Mauritius sugar industry faces price cuts & uncertain future

Also, Mauritius sugar major, Medine Group, continues its restructuring with the latest step being the elimination of its holding companies to unlock value to shareholders and reduce administrative costs. (Image: development progress)

Mauritius sugar sector is confronted with an uncertain future due to reduction in prices paid to the planters, which might fall under the threshold of Rs 14,000, to hit around Rs 13,500, similar to that prevalent in 2010.

One of the reasons for this reduced price is the overproduction of this commodity on the world market. The major markets of Europe and United States have led an aggressive campaign to reduce their consumption of sugar because of health concerns.

The surplus on the market is about 4.4 million tons as the production of sugar amounts to approximately 181.1 million tons against 176.7 million tons consumed this year.

However, at the government house, and in particular at the Finance Ministry, they have assured planters of a systematic monitoring of price changes to avoid being at a loss by a possible announcement of the sugar syndicate.

In the current political situation, which is rife with the possibility of a Snap General Election before the presentation of the next budget in November, the government could be called to top up any new price reduction of sugar to small planters by increasing the subsidies already planned under the aegis of the Ministry of Agro-industry.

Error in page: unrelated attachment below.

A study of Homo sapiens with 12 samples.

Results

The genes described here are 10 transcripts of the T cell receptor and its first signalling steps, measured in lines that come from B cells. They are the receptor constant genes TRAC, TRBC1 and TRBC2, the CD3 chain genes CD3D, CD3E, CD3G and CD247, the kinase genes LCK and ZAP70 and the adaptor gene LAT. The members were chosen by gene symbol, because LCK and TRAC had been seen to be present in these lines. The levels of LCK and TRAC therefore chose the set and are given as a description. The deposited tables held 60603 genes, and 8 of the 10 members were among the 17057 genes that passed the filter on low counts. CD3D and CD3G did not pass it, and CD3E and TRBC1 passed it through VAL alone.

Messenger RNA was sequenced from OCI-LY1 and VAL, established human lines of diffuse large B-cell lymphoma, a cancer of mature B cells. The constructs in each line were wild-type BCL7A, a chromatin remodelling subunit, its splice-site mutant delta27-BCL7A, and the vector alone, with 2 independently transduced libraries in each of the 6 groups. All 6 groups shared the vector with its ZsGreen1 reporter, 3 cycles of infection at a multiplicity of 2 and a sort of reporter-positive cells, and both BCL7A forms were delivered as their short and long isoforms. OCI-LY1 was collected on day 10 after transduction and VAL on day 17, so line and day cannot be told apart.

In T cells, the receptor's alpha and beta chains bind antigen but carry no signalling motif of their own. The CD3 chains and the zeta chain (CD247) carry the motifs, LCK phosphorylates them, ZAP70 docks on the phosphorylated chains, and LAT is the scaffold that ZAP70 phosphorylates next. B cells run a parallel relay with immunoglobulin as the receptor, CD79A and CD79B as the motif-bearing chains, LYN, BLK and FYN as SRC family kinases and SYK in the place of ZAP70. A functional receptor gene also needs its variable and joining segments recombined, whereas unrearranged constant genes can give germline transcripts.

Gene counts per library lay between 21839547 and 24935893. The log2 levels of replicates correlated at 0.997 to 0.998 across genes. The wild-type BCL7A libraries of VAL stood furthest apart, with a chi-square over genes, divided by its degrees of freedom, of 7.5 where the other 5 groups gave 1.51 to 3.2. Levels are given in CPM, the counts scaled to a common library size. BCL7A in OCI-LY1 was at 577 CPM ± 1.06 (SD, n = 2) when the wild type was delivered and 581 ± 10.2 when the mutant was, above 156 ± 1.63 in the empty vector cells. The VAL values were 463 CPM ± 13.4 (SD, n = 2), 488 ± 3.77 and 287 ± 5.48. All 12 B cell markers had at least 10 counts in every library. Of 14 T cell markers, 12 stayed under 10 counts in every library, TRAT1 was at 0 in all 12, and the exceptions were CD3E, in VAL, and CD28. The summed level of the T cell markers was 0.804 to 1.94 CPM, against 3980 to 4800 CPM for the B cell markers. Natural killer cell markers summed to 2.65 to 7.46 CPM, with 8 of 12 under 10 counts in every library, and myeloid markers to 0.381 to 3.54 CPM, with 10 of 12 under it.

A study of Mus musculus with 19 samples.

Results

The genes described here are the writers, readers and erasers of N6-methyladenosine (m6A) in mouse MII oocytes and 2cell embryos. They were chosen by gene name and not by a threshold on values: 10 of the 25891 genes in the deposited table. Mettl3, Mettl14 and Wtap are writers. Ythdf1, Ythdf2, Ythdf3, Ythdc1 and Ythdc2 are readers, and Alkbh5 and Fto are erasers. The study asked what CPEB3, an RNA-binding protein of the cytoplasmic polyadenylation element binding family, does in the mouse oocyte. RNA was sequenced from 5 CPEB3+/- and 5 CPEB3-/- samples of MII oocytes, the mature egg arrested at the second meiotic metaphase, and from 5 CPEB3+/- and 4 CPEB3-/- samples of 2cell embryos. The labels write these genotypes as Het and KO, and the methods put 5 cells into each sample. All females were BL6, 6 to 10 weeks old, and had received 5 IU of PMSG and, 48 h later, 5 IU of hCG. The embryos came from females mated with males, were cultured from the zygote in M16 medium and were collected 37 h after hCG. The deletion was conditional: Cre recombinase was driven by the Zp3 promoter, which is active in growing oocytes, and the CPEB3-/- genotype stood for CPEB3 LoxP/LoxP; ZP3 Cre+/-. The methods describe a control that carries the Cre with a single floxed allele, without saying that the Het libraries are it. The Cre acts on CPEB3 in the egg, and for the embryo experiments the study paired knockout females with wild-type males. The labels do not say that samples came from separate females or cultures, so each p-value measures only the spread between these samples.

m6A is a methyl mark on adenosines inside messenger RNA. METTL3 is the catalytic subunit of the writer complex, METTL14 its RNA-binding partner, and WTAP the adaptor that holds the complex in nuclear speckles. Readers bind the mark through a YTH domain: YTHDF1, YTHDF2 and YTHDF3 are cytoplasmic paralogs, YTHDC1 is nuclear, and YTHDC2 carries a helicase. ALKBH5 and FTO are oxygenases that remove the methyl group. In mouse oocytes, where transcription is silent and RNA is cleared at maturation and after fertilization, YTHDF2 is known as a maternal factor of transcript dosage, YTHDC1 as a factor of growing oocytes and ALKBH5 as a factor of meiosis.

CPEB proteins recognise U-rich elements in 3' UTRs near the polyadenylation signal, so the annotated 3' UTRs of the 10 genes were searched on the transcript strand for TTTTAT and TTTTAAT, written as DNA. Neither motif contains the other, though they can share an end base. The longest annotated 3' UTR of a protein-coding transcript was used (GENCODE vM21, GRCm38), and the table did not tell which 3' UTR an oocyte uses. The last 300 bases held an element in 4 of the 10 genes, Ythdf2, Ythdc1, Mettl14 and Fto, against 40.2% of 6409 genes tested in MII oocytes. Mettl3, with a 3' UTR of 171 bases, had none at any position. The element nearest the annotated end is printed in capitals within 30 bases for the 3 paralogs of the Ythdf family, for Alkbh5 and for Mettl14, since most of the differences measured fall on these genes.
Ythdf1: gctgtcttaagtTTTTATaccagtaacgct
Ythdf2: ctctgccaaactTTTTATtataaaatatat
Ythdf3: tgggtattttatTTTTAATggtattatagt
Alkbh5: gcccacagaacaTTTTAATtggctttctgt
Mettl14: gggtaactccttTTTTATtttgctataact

Since the beginning of the year, the government had announced a study on the sugar industry, which is due to start in September, and the deadline indicated by the MCIA to start this study is a matter of concern as the management of the institution is absent.

The Mauritius Cane Industry Authority (MCIA), formerly the Mauritius Sugar Authority, is set to start the study on repercussions of the abolition of sugar quota of the European Union as from September 2014.

Nevertheless, they will be able to draw some comfort from another study aiming at an optimal production level of 125,000 tons of molasses annually.

On the other hand, Mauritius sugar major, Medine Group, continues its restructuring with the latest step being the elimination of its holding companies to unlock value to shareholders and reduce administrative costs.

The three holding companies – Black River Investments Company Limited (BIS), Medine Shares Holding Company (MSH), and Alma Investments (Alma) – form the Medine group and manage the Medine Limited, Excelsior United Development Companies (EUDCOS) and the Societe De Developpement Industriel & Agricole Ltee (SODIA).

Through this process, the board of directors of the Medine group explained that they expect to deliver enhanced value to existing shareholders, and to allow the group to save on administrative costs in the middle and long term.

However, as the Medine Group is an associate company of Promotion and Development Limited (PAD), PAD will hold 34.97% of Medine, 34.50% of SODIA and 20.97% of EUDCOS after the restructuring exercise.